Duron Harmon of the New England Patriots: three-time Super Bowl champion, or candidate for a police lineup? How about Brad Marchand? Stanley Cup winner or a guy with an arrest record? And is that Chris Sale, World Series star, or somebody awaiting trial?
Apparently, Amazon can’t tell the difference.
Among the Internet titan’s many technology businesses is a leading facial-recognition software system called Rekognition, which Amazon has marketed to police agencies for use in their investigations. And according to the Massachusetts chapter of the American Civil Liberties Union, Rekognition mistakenly matched 27 well-known athletes from Boston sports teams to a database of mugshots of real people who had been arrested. Among the misidentified: Harmon, Marchand, and Sale.
“Even athletes who are immediately identifiable to people across New England can be misidentified by facial-recognition technology that is in use in Massachusetts right now,” said Kade Crockford, director of the Technology for Liberty Program at the ACLU of Massachusetts.
The civil rights group ran a test of Amazon Rekognition as part its campaign to have Massachusetts impose regulations on the use of facial-recognition technology, releasing the results ahead of a State House hearing Tuesday on legislation that would impose a moratorium on the use of such software.
“We are not asking the Legislature to ban this technology,” Crockford said. “We are asking the Legislature to press pause.”
The ACLU test is similar to one it conducted last year, which found that Amazon software mistakenly matched 26 California state legislators to mugshots in a database of 25,000 photos of people who’d been arrested.
This time, the testers compared photos of 188 New England athletes from the Boston Bruins, Boston Celtics, Boston Red Sox, and New England Patriots with a database of 20,000 mugshots. The software delivered 27 false positives.
Two Boston Celtics made the list: Tacko Fall and Gordon Hayward. Rekognition also singled out six Red Sox, including Chris Sale and Hector Velazquez; five Bruins, including Sean Kuraly and Marchand; and 14 Patriots, including Stephen Gostkowski, James White, Phillip Dorsett, and Harmon.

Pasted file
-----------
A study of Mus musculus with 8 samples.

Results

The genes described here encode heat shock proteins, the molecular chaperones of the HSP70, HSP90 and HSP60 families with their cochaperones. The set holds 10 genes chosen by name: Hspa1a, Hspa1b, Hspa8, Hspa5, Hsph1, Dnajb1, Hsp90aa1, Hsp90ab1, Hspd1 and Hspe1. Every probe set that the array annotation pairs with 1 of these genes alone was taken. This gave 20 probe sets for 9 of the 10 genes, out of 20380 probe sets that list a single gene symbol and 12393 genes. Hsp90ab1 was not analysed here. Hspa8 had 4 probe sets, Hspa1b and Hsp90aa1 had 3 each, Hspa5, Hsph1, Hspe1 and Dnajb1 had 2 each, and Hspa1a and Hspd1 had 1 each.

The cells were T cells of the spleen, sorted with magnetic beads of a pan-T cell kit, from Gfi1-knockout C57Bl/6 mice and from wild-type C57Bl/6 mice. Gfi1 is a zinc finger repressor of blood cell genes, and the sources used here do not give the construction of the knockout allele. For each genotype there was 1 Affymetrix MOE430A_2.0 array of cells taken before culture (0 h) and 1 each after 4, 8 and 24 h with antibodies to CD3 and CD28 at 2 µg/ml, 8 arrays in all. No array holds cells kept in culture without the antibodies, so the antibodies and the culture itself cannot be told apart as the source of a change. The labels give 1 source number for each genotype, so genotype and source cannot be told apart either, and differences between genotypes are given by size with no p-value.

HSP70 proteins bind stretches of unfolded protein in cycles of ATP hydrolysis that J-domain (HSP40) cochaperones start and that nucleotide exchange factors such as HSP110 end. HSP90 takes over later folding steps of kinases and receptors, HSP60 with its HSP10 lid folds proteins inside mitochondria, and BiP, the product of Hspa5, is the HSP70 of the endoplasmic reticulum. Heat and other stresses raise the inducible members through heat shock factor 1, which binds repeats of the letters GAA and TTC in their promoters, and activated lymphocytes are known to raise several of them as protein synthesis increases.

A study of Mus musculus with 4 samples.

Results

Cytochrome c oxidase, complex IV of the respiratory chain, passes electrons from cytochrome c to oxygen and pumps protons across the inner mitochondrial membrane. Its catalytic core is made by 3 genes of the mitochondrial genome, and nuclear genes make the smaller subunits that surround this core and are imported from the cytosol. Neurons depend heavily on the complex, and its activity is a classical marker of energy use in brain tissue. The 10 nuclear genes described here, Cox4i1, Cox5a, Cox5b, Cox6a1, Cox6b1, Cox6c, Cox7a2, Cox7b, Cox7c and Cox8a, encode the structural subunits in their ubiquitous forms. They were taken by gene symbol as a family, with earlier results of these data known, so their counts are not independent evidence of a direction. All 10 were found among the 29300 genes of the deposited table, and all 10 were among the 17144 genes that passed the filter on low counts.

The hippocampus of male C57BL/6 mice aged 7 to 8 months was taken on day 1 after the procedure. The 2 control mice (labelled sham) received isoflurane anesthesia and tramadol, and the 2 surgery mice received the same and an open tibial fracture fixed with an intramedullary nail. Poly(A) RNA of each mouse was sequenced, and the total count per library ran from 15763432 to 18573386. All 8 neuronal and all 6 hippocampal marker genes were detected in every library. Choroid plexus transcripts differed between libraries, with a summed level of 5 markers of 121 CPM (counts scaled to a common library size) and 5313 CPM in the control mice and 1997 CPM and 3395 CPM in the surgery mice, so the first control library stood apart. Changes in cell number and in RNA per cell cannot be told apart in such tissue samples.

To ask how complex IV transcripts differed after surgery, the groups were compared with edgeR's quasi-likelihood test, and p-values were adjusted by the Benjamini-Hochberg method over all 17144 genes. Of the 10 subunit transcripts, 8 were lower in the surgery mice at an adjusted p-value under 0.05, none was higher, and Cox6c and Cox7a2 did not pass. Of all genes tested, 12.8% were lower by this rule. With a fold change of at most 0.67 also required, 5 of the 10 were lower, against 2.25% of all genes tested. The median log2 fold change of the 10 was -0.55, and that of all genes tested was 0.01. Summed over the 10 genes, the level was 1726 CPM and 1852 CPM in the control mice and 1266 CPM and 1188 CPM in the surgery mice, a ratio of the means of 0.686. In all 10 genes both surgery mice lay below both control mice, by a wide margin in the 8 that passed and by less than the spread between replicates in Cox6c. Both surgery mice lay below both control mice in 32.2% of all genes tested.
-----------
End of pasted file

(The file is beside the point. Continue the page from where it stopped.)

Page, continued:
In a statement provided by the ACLU, Harmon said: “If it misidentified me, my teammates, and other professional athletes in an experiment, imagine the real-life impact of false matches. This technology should not be used by the government without protections.”
But Amazon is fighting back, accusing the ACLU of “knowingly misusing and misrepresenting Amazon Rekognition to make headlines.” The company complained that the ACLU ran the test improperly, saying the advocacy group used less precise settings that produce a higher failure rate.
Amazon Rekognition can be adjusted to make it more or less precise in identifying faces, a so-called confidence threshold. The ACLU tests were at an 80 percent confidence threshold, the software’s default setting. But the online documentation for Rekognition says that public safety agencies like police forces should use the software at a tougher 99 percent confidence setting, to reduce the risk of misidentification.
“When used with the recommended 99 percent confidence threshold and as one part of a human driven decision, facial recognition technology can be used for a long list of beneficial purposes, from assisting in the identification of criminals to helping find missing children to inhibiting human trafficking,” Amazon said.
Amazon also said it favors regulating government use of facial-recognition software.
Crockford acknowledged the ACLU used the 80 percent threshold, but noted it’s the default setting and there’s no guarantee a police agency would use the stricter setting.
Facial recognition has become common in consumer products, such as smartphones that unlock themselves by recognizing their owners. It’s also used for checking in airline passengers and identifying public school students. But the systems have flaws: They’re much less accurate, for example, at identifying people with dark skin. And since people have no way of knowing when they’re being scanned, government agencies could routinely monitor citizens’ activities without their permission — a practice already standard in China.
The ACLU favors further study of the technology.
But Woodrow Hartzog, a professor of law and computer science at Northeastern University, believes the temptation to abuse facial recognition is so irresistible that he favors a ban.
“I can’t foresee any scenario where the benefits even come close to outweighing its significant risks and inevitable, unacceptable abuses,” he said.